Even as Northern Californians were rooting for the San Francisco 49ers in their playoff game against Seattle on Sunday, a few were secretly hoping that this year’s Super Bowl match-up would be from the two states that have legalized marijuana: Washington and Colorado. Stoners got their wish when the Denver Broncos defeated the Patriots and Seattle’s Seahawks bested the 49ers.
The great irony is that even as excellence and liberalism demonstrably can co-exist, politicians and pundits are hand-wringing over pot legalization and what it will mean for the US workforce.
First, the newly Americanized woman who takes down every magazine she works for – Tina Brown – tweeted, “legal weed contributes to us being a fatter, dumber, sleepier nation even less able to compete with the Chinese.”
Then, California Governor Jerry Brown told the Washington Post, “I do think America’s under a certain amount of competitive pressure. … So I think we have to stay alert and heads up. I don’t know if everybody’s going to pot that that’s going to be a positive path forward.”
But is that true? A recent article in Time magazine asked, “China makes everything. Why can’t it create anything?” pointing out, “Many of the products China manufactures today aren’t really Chinese at all. Apple iPads might be exported from assembly lines based in China, but the Chinese themselves do little more than piece them together.”
Walter Isaacson’s authorized biography of Apple founder Steve Jobs, published in 2011, documents Jobs’s use of marijuana and LSD in his youth. Isaacson, who also wrote biographies of Benjamin Franklin and Albert Einstein, called Jobs “a creative entrepreneur whose passion for perfection and ferocious drive revolutionized six industries: personal computers, animated movies, music, phones, tablet computing, and digital publishing. … In August 2011, right before he stepped down as CEO, the enterprise he started in his parents’ garage became the world’s most valuable company.”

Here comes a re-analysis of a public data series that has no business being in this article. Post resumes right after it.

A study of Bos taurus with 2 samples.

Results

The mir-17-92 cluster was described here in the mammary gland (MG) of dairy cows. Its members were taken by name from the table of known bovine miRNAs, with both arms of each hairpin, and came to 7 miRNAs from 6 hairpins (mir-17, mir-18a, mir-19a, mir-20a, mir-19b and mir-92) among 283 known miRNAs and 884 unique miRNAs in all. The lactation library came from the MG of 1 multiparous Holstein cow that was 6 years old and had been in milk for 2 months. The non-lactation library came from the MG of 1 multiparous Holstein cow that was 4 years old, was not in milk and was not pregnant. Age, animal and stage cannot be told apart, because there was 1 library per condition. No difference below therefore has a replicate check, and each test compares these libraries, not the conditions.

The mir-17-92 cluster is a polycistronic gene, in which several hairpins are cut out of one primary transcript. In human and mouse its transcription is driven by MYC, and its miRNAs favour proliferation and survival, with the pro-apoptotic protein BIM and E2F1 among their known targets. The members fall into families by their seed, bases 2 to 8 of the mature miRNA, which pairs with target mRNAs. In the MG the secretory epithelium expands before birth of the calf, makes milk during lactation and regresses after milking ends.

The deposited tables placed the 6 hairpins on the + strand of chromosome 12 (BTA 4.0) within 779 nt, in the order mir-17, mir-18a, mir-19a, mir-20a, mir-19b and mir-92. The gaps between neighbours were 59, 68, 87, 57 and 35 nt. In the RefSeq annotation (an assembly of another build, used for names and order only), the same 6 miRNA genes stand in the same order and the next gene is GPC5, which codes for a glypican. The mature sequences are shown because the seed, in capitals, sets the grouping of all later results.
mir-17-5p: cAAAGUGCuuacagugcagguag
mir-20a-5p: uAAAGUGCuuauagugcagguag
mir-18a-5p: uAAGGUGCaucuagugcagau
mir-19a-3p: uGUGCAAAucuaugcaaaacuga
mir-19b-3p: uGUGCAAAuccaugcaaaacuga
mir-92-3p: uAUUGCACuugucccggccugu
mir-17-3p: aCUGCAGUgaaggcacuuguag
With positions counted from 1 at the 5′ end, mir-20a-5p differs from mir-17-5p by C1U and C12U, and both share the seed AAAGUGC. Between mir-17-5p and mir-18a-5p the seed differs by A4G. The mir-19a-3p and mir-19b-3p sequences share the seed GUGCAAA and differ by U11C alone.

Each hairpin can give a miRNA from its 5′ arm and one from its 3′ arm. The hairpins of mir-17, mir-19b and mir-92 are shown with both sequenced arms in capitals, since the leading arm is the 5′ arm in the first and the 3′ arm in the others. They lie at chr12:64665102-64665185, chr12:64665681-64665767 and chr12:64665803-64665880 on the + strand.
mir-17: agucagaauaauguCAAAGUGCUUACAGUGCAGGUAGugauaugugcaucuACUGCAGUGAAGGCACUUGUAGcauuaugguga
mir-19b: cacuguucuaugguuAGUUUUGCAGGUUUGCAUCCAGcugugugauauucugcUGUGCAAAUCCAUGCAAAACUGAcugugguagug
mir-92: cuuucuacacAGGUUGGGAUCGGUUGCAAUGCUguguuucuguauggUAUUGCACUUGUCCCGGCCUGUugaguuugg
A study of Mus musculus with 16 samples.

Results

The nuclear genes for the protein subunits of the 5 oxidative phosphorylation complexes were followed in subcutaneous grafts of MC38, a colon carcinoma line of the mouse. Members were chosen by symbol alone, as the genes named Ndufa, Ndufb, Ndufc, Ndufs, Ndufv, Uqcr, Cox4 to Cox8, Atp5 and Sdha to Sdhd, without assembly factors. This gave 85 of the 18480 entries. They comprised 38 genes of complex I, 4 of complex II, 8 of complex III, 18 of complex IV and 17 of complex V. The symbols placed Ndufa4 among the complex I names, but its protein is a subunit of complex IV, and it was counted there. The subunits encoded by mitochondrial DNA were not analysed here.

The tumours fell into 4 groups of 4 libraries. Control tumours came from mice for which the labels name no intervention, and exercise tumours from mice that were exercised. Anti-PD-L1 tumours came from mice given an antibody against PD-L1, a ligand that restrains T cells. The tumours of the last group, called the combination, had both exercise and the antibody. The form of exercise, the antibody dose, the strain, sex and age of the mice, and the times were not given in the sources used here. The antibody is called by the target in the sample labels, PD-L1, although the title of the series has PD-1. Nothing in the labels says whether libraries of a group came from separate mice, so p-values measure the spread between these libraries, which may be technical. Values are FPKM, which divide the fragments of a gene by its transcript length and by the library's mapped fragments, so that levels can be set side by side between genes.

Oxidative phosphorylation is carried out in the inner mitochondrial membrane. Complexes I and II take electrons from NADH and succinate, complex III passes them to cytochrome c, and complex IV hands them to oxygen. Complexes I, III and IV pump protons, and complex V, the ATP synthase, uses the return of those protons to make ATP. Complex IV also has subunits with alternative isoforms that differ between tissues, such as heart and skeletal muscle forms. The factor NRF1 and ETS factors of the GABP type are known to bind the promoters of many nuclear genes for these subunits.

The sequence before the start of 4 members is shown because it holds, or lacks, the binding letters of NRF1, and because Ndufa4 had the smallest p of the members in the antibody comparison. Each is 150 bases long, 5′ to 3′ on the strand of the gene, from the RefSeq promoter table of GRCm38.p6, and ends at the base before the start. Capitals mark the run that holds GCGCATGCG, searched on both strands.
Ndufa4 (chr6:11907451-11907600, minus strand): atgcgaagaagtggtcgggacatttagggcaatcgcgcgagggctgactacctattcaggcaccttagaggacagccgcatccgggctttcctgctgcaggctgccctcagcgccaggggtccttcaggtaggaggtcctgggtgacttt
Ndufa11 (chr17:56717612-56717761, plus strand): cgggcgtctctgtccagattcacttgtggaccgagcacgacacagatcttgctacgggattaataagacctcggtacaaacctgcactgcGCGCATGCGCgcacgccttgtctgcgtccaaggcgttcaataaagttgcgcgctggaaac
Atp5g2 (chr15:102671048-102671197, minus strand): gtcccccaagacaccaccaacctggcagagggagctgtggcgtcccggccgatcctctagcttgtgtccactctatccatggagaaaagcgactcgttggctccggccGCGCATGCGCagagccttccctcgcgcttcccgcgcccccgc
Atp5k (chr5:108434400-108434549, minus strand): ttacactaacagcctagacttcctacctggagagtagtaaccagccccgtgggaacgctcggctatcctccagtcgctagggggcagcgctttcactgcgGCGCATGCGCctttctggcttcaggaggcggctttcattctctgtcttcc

Isaacson adds, “At a time when the United States is seeking ways to sustain its innovative edge, and when societies around the world are trying to build creative digital-age economies, Jobs stands as the ultimate icon of inventiveness, imagination, and sustained innovation. He knew that the best way to create value in the twenty-first century was to connect creativity with technology, so he built a company where leaps of the imagination were combined with remarkable feats of engineering. He and his colleagues at Apple were able to think differently.”
Bill Gates also indulged in pot and LSD, and Silicon Valley remains high on pot, and innovation. When our other pot-friendly and productive industry, based in Hollywood, took on Jobs, the actor chosen to play him was Aston Kutcher, the stoner/jock from “That 70s Show.”
Meanwhile, prosecutor-turned-TV-host Nancy Grace has practically been foaming at the mouth over the issue, so much so that Saturday Night Live spoofed her this weekend. Grace called cannabis consumers “lethargic, sitting on the sofa eating chips. Pot, it makes you fat and lazy.” She recounted a story of a stockbroker she’d seen in court who “got addicted to pot” and lost her job, home and family.
Meanwhile on Wall Street, Merrill Lynch circulated a memo recommending junior staffers take off at least four weekend days a month, a move that was necessary because young people are working nonstop (even as 22% of 18-24-year-old men report they’ve smoked pot on the job in the past week). The sad part about Leonardo’s post-Gatsby movie The Wolf of Wall Street is that he had to tell people it’s meant to criticize, not glorify. Maybe that’s because the fictional Gatsby is punished for his excesses that lead to Black Friday and the great depression, but today’s Wolfs are still on the loose.
When LeBron James admitted is his 2009 autobiography that he’d tried marijuana, he completed the triumvirate of MVPs (football, baseball, and basketball) who told all they’d toked that year, the same one top-Olympian-ever Michael Phelps admitted he’d hit the bong too. The world’s fastest man on land, Usain Bolt, also smoked pot in his youth.
Conservative Washington Post columnist Kathleen Parker asks us to “Give marijuana smokers a little leeway,”writing, “let’s stop pretending that pot consumers are nefarious denizens of the underworld. Among those who enjoy a recreational smoke are the folks selling you a house, golfing on the ninth hole and probably an editor or two here and there.”
Add to that, innovators, business scions, and sports champions.